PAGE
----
On Wednesday, June 13, 2012, I attended Fabulous, an event here in Vancouver to honour VancouverMom.ca’s 2012 Top 30 Vancouver Mom Bloggers. Three alumni from the 2010 list were asked to share a brief speech around the idea “What I Know Now is This”. I was privileged to be one of the speakers, and this is what I had to say.I started blogging more than nine years ago, because my husband built a website with a blog on it and it made me sad to see that blog empty. I wish I could say that I took to blogging like a fish to water, but that’s not true. It took me time to understand what it meant to be a blogger. But as I ambled along in the blogging slow lane, I did learn a few things. I’d like to share three of my lessons with you.
My first lesson is that there’s no right or wrong way to blog. As bloggers we chart our own course. You can choose to accept product reviews, or not. You can choose to do Wordless Wednesday, or not. You can choose to vlog, or not. You can choose to post photos of your kids, or not. You can choose to use your real name, or not. You can choose how often you post, how long your posts are, and what your posts are about. You set the tone, because your blog is your space.
There’s a catch here, though, which leads me to my second lesson: you must be willing to own your words. There’s no right or wrong way to blog, but there are more and less ethical ways to blog. It’s important that what you write conforms with your personal value system, that it doesn’t violate any laws, and that it’s not hurtful to other people. Because other people will read your blog, whether you know it or not. If you’re not careful – and sometimes even if you are – your words may be misconstrued and cause hurt feelings. If those hurt feelings belong to someone you know in the offline world, the consequences can be less than pretty.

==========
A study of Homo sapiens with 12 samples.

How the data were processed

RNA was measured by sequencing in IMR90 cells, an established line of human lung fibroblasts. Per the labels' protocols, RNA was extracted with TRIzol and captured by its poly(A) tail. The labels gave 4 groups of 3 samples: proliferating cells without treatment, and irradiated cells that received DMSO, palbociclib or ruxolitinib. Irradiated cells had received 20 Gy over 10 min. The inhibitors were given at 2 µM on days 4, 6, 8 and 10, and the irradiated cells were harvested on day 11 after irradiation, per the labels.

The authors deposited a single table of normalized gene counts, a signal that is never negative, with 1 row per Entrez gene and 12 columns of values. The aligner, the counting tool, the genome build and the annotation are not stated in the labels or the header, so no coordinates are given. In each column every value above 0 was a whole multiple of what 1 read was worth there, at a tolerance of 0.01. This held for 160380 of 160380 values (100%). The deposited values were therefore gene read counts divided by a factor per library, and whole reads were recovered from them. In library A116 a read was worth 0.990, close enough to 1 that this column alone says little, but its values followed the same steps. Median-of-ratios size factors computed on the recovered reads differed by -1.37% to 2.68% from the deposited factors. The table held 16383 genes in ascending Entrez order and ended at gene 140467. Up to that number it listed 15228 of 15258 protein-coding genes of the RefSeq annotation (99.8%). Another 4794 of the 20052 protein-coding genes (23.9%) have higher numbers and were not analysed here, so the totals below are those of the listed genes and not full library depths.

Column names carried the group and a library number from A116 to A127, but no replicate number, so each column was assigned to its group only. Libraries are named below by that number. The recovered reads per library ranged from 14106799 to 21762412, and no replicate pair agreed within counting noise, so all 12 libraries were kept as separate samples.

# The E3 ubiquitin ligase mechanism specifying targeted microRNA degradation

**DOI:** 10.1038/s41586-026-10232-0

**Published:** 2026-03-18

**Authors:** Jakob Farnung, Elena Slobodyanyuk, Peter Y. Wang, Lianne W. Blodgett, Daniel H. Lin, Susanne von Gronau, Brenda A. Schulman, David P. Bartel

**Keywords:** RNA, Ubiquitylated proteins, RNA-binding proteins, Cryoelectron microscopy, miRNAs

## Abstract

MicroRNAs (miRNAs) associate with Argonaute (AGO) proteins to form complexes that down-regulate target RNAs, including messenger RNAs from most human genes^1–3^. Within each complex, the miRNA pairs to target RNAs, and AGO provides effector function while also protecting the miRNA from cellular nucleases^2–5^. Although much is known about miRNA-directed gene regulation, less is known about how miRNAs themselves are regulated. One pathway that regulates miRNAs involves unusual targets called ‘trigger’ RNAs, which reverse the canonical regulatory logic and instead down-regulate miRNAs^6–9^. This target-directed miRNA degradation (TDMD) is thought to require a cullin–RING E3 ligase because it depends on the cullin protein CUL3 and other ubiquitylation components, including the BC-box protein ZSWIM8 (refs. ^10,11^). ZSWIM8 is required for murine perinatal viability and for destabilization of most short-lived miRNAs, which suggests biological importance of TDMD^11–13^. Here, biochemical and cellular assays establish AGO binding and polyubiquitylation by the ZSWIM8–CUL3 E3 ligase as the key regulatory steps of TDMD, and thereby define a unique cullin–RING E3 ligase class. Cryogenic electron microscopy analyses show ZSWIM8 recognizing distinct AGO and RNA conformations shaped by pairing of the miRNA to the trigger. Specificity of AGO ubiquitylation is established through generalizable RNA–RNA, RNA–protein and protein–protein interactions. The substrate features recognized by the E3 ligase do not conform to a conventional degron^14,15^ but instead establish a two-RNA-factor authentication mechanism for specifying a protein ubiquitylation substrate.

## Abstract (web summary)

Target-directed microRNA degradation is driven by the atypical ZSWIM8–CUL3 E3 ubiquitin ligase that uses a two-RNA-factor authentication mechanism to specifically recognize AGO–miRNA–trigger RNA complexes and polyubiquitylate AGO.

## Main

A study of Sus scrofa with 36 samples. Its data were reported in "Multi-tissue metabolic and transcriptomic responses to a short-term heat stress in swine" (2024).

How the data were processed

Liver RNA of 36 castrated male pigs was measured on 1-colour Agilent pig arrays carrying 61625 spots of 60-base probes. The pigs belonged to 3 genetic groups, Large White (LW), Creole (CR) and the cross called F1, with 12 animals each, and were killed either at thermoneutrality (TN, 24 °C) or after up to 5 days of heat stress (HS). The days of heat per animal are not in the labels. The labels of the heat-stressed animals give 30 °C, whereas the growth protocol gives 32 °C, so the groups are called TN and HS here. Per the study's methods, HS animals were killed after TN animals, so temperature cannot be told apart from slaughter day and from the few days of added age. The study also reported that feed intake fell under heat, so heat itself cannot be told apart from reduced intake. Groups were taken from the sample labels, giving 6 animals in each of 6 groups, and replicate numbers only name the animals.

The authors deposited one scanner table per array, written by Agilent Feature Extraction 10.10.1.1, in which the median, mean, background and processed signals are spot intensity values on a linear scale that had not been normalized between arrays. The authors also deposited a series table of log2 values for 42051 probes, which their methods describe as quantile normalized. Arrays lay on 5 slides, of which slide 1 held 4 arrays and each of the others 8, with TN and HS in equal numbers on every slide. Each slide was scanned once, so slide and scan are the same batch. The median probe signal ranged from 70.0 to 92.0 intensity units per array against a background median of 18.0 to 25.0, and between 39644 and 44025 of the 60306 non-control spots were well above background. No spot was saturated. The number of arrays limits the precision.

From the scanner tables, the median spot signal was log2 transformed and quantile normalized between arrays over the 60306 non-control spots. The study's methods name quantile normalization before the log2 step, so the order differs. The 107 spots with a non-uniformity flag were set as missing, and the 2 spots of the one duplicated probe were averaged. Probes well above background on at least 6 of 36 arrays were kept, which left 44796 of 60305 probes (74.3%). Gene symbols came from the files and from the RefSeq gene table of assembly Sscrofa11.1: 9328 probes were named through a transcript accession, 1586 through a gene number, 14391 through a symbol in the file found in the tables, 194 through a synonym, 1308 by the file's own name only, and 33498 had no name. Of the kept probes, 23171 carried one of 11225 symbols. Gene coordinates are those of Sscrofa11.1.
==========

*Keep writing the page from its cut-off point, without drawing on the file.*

That sounds like a downer, but I promise to turn it around with my third lesson, which is that blogging is really not a solitary act. It may seem that way, when you’re sitting by yourself at your computer, tapping out words. It may seem that way, when no one else you know in your daily life blogs. It may seem that way when the comments are few and far between, if you get any comments at all. But the strength of the blogging world is that it’s made up of real people – real people like us. As you blog you erase many of the barriers that exist in your daily life. Over time, you connect with people you would never meet otherwise, and re-connect with people you haven’t seen in ages.
For those of us who spend much of our time at home with small children, there is incredible power in this connection. Blogging draws us together and provides a virtual support network. It helps us find our people, wherever they are. It can bring so much more into our lives than we ever expected.
When I was first asked to speak the plan was that I’d have a theme song playing as I entered and exited. I chose “Don’t Rain On My Parade” for this line:
Don’t tell me not to fly, I’ve simply got to. If someone takes a spill it’s me and not you.
For me, that line sums up what blogging is all about. Most of us write not so much because we choose to, as because we feel compelled to. We’re called to write. By doing that writing on a blog we can truly take ownership of what we create. The online spaces we build, the connections we make, and the words we publish are all ours. They belong to us. Nothing could be better than that.